Impact of the New Coronavirus Strain On Financial Markets
The new strain of coronavirus pandemic has raised questions over the potential impact on financial markets and whether it would have the same effect of the first Covid-19 wave on major indices and assets, most notably the US dollar index, gold, and Standard & Poor’s 500 index or the Covid-19 vaccine will be a game-changer.
During the first wave, the US dollar was the number one option for seekers of liquidity; however, gold and stocks emerged as better investment choices.
US Dollar: The Most Favorite Refuge During Panics
The new coronavirus strain could have the same impact of the first Covid-19 wave when investors started to rush to safety, more specifically the U.S. dollar that mainly gains during times of panic at the expense of other refuge assets such as the Japanese yen, Swiss franc, and even gold. Investors have so far opted for cash in the U.S. dollar, which is the world’s largest reserve currency.
The dollar index rebounded on Monday from its lowest level since April 2018 hit last week. It is worth mentioning that at the beginning of the first wave, the dollar index soared in March and April and then dropped significantly. So far, the dollar index has lost more than 6% this year, where it had gained 3% during the first four months.
Gold: The Classic Safe Haven
Gold acted positively to the new strain panic at the opening of this week, as it managed to surpass the psychological level of $1,900 an ounce for the first time since November 9. However, the safety demand did not last long as investors preferred cash represented in the green currency, referring that the look for liquidity prompted investors to sell equities, gold, and other assets.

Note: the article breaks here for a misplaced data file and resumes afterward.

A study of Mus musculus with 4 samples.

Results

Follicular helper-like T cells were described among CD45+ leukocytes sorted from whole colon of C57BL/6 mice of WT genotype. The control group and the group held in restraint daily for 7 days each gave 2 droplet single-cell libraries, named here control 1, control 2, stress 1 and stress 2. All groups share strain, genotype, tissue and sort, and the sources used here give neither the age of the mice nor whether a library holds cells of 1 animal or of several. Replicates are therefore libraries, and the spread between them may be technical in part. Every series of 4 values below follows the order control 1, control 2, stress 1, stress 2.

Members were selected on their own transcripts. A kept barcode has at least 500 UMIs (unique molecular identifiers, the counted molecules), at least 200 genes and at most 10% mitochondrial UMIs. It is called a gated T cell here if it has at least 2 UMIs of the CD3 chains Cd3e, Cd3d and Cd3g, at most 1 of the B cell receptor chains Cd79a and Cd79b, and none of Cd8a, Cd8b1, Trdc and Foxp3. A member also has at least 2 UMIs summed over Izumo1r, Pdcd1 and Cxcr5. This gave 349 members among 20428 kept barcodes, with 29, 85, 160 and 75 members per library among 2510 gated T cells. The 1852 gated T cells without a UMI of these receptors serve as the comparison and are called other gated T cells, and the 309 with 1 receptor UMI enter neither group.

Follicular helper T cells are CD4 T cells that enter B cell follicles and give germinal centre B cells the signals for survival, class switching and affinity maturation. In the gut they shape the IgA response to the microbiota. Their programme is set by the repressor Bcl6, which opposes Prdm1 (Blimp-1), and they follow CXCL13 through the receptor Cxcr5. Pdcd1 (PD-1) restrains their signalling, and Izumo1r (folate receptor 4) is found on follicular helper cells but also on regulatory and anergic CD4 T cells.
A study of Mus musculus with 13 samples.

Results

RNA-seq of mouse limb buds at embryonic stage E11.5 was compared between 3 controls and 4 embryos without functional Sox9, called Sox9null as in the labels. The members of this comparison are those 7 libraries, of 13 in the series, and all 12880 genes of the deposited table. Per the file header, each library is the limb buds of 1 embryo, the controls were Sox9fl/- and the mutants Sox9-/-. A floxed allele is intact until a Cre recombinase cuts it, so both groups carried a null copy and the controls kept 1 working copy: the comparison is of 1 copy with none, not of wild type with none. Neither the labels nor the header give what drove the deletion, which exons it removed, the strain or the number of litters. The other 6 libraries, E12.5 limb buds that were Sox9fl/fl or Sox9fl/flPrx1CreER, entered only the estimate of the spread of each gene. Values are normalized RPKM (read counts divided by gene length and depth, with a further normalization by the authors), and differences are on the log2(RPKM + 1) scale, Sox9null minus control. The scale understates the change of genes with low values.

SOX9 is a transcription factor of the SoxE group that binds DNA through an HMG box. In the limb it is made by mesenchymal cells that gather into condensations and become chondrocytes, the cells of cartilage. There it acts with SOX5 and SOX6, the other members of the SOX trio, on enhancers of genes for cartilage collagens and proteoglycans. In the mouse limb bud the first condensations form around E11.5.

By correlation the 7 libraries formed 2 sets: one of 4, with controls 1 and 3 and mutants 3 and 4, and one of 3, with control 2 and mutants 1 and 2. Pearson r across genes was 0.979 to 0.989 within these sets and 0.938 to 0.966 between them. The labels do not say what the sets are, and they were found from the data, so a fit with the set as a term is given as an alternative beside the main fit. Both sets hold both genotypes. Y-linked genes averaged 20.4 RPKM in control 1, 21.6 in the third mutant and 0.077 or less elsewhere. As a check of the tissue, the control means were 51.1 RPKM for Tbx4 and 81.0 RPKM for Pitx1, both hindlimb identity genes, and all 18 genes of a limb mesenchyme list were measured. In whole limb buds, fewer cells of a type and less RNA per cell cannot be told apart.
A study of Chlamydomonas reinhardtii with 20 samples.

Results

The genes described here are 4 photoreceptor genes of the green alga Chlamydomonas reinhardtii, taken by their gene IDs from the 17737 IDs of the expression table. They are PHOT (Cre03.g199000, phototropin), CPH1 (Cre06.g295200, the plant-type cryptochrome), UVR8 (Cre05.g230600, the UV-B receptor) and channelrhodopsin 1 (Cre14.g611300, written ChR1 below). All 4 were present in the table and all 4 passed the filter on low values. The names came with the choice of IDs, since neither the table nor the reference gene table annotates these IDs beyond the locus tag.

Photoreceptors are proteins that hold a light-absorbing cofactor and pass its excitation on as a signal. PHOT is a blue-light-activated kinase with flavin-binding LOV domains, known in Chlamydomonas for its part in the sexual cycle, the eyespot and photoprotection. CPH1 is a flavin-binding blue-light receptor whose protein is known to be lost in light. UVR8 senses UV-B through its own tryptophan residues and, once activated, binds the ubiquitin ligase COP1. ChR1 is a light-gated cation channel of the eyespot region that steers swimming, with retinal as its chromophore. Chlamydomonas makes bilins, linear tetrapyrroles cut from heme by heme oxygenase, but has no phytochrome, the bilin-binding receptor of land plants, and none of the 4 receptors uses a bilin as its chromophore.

After losing ground to the dollar in February and March this year, with the rising coronavirus infections, gold had surged markedly in April to hit a new all-time high at $2,075 an ounce in August. The yellow metal has succeeded in augmenting 18% in 2020, having the best monthly gain in July with a 10.7% advance.
Potential Effect On Equities
Similar to the first impact of the first corona wave, equities suffered sharp losses during the first quarter of 2020, but then bargain hunters, people who usually buy assets that are cheaper than usual, stepped in to take advantage of the low prices of shares, especially those promising equities of the technological sector.
Meanwhile, European shares are trading sharply lower, as the new COVID mutation resulted in panic and sell off in risky assets. The U.S. benchmark S&P 500 index tumbled 20% in the first quarter this year but reversed direction thereafter to hit a new record high this month, with a gain of more than 12% so far this year.
Will the Coronavirus Vaccine Alter This Scenario?
Several countries around the world have started the distribution of the Covid-19 vaccine, yet the new strain has raised suspicions about the ability of the vaccine to deal with it. German Health Minister Jens Spahn said the vaccine is capable of preventing infections from the new mutation, but so far there are no guarantees for such claims and it has to be tested.
Even if the vaccine can prevent the transmission of the new strain, it will take a long time for the vaccine to be available for everyone around the world, which is propelling countries to impose tough restrictions in the meanwhile.
The new strain of COVID may have the same impact of the first corona wave, where the U.S. dollar could be the first choice for liquidity seekers, but any retreat in gold or stocks would make very appealing investments, especially for those who missed making profit during the first Covid-19 wave.